Planting Hyacinths Outdoors

It is said by many gardeners that the hyacinth should be grown only indoors where its fragrance, its earliness and the long life of the blooms make it an ideal indoor flower – that outdoors it is too stiff, too formal for an interesting display. My own opinion is that, like the geranium, in its formality lies its charm for it is different in habit to almost all other spring-flowering bulbs. A bed of hyacinths massed together with a background of flowering cherries or against the silvery bark of the birch, or interplanted with aubretia or arabis, make a display of the utmost charm. Two-colour schemes are most attractive, using pink and blue, or purple and white hyacinths. Or the yellow-flowering variety, City of Haarlem, interplanted- with purple aubretia, Dr. Mules, is a sight of the utmost brilliance. Or plant the pure white variety, L’Innocence, amidst a bed of the pale pink arabis – or carpeted with aubretia, Russell’s Crimson it is outstanding.Planting Hyacinths Outdoors

Yet another lovely combination is to use a white hyacinth with a red Juliae primrose – Joan Schofield or Mrs. Frank Neave is suitable – or plant the delicately coloured Pink Pearl midst a bed of primrose, Romeo, which bears huge rich purple blooms. The rich crimson-red variety, Garibaldi, will give a startling display if carpeted with a pure white primrose, Craddock’s White or Juliae alba. Growing amidst a bed of primroses will also cut down the cost of such a display for even the 15 cm. Carpeting will reduce the required number to at least half. Beds of hyacinths are too expensive to plant at random, but small beds on either side of a porch where they can enjoy the late spring sunshine will be long lasting, bright and fragrant.

The hyacinth’s love of water is equally applicable to outside plantings and a sandy soil containing plenty of humus, rotted manure or peat, will prove suitable. A dry, clay soil containing no humus will rarely produce a large, well-proportioned and sturdy bloom. Chopped seaweed is also excellent for hyacinths and so is cow manure. Heavy feeding is not necessary, the important point is to supply the moisture-holding humus.

Mid-October seems to be the most suitable time for planting both bulbs and the carpeting plants. Plant the bulbs 3 in. deep, and should the soil be on the heavy side, place around the bulbs a sand and peat mixture. Planting distance will depend upon the carpeting plants. If no under-planting is being done, plant the bulbs 9 in apart. In the mixed border a few clumps of hyacinths will add colour and fragrance, and here they may be left in the ground year after year. If given a top dressing of peat and rotted manure in midsummer they will continue to produce a spike of reasonable size for a number of years.


With hyacinths being as expensive as they are, this is all important. Plants that have flowered outdoors should have the dead blooms removed immediately they have completed their flowering. This will be when the blooms begin to turn brown. If they are allowed to form seed, they will exhaust the bulbs. Do not remove the stems, only the flower heads, for the stems contain sap that is required to be put back in the bulbs.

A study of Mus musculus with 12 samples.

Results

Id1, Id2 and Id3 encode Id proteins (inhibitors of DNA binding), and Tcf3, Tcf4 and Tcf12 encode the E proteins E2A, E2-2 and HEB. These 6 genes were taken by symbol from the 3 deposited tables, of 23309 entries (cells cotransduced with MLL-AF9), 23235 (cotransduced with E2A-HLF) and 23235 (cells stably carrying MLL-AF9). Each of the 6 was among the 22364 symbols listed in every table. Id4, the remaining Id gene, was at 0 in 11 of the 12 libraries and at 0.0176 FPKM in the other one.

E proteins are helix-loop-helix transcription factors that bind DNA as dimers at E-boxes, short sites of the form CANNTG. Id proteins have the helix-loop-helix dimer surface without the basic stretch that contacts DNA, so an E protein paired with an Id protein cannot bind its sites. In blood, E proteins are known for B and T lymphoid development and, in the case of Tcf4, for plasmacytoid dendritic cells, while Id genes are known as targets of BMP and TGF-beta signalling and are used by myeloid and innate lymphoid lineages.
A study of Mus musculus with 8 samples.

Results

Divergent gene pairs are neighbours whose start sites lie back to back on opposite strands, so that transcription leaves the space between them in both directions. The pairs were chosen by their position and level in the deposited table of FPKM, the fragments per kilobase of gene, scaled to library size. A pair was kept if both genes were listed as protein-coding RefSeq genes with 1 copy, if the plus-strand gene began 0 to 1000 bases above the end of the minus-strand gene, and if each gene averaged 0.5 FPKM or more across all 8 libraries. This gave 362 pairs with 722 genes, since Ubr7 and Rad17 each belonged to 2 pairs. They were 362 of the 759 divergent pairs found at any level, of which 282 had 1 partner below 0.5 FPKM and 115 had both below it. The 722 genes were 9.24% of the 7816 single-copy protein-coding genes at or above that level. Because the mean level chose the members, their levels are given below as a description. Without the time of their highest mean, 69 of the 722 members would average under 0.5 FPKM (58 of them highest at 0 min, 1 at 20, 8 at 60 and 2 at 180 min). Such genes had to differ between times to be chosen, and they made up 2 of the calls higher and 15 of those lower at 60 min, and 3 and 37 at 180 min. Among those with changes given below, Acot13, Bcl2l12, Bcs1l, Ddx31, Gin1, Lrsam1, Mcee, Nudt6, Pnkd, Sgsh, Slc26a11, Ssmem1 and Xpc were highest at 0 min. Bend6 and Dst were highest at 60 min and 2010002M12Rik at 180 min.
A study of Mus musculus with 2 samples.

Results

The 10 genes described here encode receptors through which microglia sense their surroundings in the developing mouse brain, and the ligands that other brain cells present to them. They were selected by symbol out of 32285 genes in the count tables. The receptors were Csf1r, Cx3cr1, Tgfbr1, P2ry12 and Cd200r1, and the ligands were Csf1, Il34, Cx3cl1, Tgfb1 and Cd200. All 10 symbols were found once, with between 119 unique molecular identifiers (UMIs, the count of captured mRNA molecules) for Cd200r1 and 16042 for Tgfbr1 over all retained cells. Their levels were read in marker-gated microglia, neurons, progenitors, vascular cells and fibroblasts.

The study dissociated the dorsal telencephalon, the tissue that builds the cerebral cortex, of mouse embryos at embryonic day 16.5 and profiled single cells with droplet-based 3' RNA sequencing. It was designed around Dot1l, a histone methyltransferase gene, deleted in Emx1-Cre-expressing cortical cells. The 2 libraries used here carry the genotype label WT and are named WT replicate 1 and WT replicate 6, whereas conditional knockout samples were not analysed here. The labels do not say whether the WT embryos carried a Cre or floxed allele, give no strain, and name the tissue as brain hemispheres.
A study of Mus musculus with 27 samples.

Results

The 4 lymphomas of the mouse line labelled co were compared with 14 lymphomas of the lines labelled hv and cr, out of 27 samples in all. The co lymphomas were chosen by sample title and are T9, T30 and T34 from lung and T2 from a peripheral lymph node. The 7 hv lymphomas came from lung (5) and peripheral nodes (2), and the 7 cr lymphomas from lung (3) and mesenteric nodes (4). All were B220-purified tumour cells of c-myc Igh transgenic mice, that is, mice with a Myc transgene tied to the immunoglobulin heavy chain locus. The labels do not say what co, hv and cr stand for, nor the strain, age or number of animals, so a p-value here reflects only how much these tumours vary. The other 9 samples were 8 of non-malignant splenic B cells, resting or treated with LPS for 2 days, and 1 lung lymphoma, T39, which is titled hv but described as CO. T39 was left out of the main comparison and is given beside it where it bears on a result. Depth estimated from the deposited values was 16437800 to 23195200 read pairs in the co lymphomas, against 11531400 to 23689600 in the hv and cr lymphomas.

When the leaves have turned a yellow colour then is the time to lift the bulbs. This will be some time in May to make way for the summer bedding plants. Select a dry day for lifting and leave the bulbs on the bed exposed to the air for several hours. Then remove as much dry soil as possible and place the bulbs in a dry, open shed for several weeks until correctly dried. The bulbs should be turned weekly as they are liable to sweat. If bulbs of 16 cm. Size have originally been used, they may be used again the following year and after that should be planted in a mixed border. It is more economical to purchase the large bulbs which will produce a first-class bloom for two years. Bulbs which have been forced and possibly subject to high temperatures should be allowed to die down after flowering and should then be knocked from the pots and allowed to dry out in the same way as those planted outside. They will be of little use for indoor planting again, nor will they give a bloom worthy of an outdoor display. They are best planted in a border the following October where they will produce spikes of indifferent sizes and shapes but will still be useful for cutting for the house.

Commercial growers on the Continent never replant again in the same beds for at least three years and in my own garden I have noticed that the bulbs do give a better display if planted in the same beds in alternate years rather than for several years together.


The children will obtain much enjoyment from growing indoor flowers in a narrow-necked glass bowl or jar and this method will clearly show the hyacinth’s great love for water. During October an 18-cm. Bulb is firmly placed into the neck of the glass container into which has been placed some rain-water. The bulb should be suspended just above the water-level, the base of the bulb should not be touching the water. This should be placed in a cellar or cupboard for a month and when taken out will be found to have formed a mass of roots extending down into the water. Admittance to the light and to a warm room should be gradual, but it should be given a position of full light in ten days’ time. The bulbs will come into bloom early in the new year and are extremely ornamental with the roots almost as attractive as the bloom.